We supported SHL to run a compliant collective consultation process, following the need to...
What sort of comments would you consider to constitute bullying & harassment?
When we think of these terms, our minds often go to your archetypal playground teasing – which is usually about what someone looks like, sounds like or wears. As you get older, that net widens to include all manner of bullying, whether in person, online, by peers or those in a position of power.
If you were to ask an employee what they consider bullying & harassment to be, you’d get a wide range of answers. But what employers will be familiar with in practice, is that any kind of behaviour/act/omission that the victim considers to be unpleasant or detrimental is described by them to be bullying or harassment.
In a legal employment context however, much to the surprise of many employees, there is no express protection against bullying. There is protection from harassment, but even that has its limits, as it’s only unlawful when that harassment relates to one of the characteristics protected by the Equality Act, for example, sex or race.
What all responsible employers will be aware of, is that what one person may consider to be workplace banter, can easily constitute harassment – so jokes relating to a protected characteristic are strictly NSFW.
Most of the time, it’s pretty easy to work out that a particular joke or comment may offend a protected group of people, or that pinching a colleague’s bum is very obviously sexual harassment.
But what about a comment that you wouldn’t naturally associate with relating to a protected characteristic. Like someone’s weight, or how much hair they have? That’s exactly what an Employment Tribunal recently had to contend with and it may surprise some to know that comments about baldness were found to be unlawful harassment relating to sex.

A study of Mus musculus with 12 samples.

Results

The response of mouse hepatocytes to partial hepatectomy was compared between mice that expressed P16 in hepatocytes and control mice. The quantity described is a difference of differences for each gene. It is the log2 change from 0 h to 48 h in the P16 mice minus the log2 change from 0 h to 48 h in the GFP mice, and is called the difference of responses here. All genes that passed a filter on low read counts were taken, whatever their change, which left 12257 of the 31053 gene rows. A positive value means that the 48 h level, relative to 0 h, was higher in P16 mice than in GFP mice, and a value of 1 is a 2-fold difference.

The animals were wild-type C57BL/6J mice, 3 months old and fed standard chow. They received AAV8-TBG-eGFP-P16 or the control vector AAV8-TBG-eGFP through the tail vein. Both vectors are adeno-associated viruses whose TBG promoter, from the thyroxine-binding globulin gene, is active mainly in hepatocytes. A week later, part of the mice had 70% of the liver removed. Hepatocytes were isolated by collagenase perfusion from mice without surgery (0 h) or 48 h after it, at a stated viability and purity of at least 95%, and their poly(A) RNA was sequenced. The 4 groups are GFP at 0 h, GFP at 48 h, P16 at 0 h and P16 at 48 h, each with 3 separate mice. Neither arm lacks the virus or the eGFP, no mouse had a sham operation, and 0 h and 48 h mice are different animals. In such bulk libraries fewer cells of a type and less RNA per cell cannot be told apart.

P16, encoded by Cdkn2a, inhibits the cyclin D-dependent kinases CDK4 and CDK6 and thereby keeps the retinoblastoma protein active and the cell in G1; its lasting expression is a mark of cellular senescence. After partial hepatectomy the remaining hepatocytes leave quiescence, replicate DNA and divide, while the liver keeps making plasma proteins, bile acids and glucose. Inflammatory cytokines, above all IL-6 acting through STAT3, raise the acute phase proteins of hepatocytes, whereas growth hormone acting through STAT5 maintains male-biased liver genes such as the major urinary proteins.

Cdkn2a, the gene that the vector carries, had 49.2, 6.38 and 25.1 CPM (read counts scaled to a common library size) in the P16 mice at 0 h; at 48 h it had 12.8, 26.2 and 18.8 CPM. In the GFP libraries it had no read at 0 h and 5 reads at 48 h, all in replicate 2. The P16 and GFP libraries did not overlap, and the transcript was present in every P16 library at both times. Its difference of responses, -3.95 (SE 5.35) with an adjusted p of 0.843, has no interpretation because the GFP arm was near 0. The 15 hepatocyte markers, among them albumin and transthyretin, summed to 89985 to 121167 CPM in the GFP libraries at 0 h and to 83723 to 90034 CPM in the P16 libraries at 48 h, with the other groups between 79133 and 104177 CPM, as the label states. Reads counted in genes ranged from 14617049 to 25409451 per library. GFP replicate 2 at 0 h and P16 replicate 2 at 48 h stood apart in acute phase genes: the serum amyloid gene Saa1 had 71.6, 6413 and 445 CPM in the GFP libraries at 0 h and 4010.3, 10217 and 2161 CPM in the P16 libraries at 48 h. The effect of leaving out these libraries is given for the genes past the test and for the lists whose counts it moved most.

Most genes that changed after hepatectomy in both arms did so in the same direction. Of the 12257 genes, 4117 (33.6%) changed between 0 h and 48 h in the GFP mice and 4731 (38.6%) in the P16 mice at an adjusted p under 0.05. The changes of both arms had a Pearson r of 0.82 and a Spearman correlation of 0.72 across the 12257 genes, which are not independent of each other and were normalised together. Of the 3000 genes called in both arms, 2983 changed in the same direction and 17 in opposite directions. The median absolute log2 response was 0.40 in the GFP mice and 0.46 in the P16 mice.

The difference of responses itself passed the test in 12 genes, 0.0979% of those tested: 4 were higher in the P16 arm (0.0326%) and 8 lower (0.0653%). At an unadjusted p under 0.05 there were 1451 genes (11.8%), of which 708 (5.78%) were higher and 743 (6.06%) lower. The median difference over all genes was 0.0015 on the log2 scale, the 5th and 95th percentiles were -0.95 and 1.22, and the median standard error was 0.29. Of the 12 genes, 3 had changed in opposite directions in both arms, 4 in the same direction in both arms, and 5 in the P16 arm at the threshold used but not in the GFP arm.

Finn v (1) The British Bung Manufacturing Company Limited and (2) King
You may have heard of the recent decision in the Employment Tribunal surrounding comments made about an employee’s baldness. The Finn case has sparked much conversation on harassment cases, particularly those centred on the protected characteristic of sex.
Mr Finn had been an employee of the Respondent company for nearly 24 years, before his dismissal. Amongst his several claims, he alleged an incident of harassment based on an altercation with the shift supervisor, Mr King, in July 2019. During this incident, Mr King referred to the Claimant as a ‘bald [expletive]’. The Employment Tribunal determined that such language warranted unwanted conduct, was said with the purpose or effect of violating the Claimant’s dignity and created an intimidating, hostile, degrading, humiliating or offensive environment for him (the legal definition of harassment).
Next, the Tribunal considered the link between the word ‘bald’ and the protected characteristic of sex. Despite the acknowledgement that some women are also bald, the Tribunal concluded that baldness was more prevalent in men than women and therefore was ‘inherently related to sex’.
Drawing comparison to the 1995 case of Insitu Cleaning Co Limited v Heads, which concerned an incident of sexual harassment (note the distinction from harassment related to sex, as in the Finn case) where derogatory comments were made about a woman’s breasts. In Finn, the Respondent submitted that a similar comment could also be made to men suffering from gynaecomastia (commonly referred to as ‘man boobs’) and is therefore, not inherent to sex. The Tribunal disagreed.
A distinction was made where the Tribunal in Finn found that as men are far more likely to receive comments linked to baldness, this comment was related to the Claimant’s sex. Interestingly, the Tribunal in Insitu stated that ‘the first ground seemed to us to be absurd. A remark by a man about a woman's breasts cannot sensibly be equated with a remark by a woman about a bald head or a beard.’
What does this all mean for employers?
This raises the important question of exactly what characteristics and elements of an employee’s appearance might be protected by legislation.
It’s also worth bearing in mind that even if a particular comment on an employee’s appearance doesn’t fall under the harassment umbrella, employers who don’t do enough to protect and educate their employees could find an employee resigning and claiming constructive dismissal.
That harassment net is widening and employers would be well advised to promote a positive and supportive workplace which discourages any form of banter that relates to personal attributes or could otherwise cause offence. Variety is of course the spice of life, and people have different senses of humour - but it’s safer to leave the Ricky Gervais style banter at home, and stick to family friendly conversation in the workplace.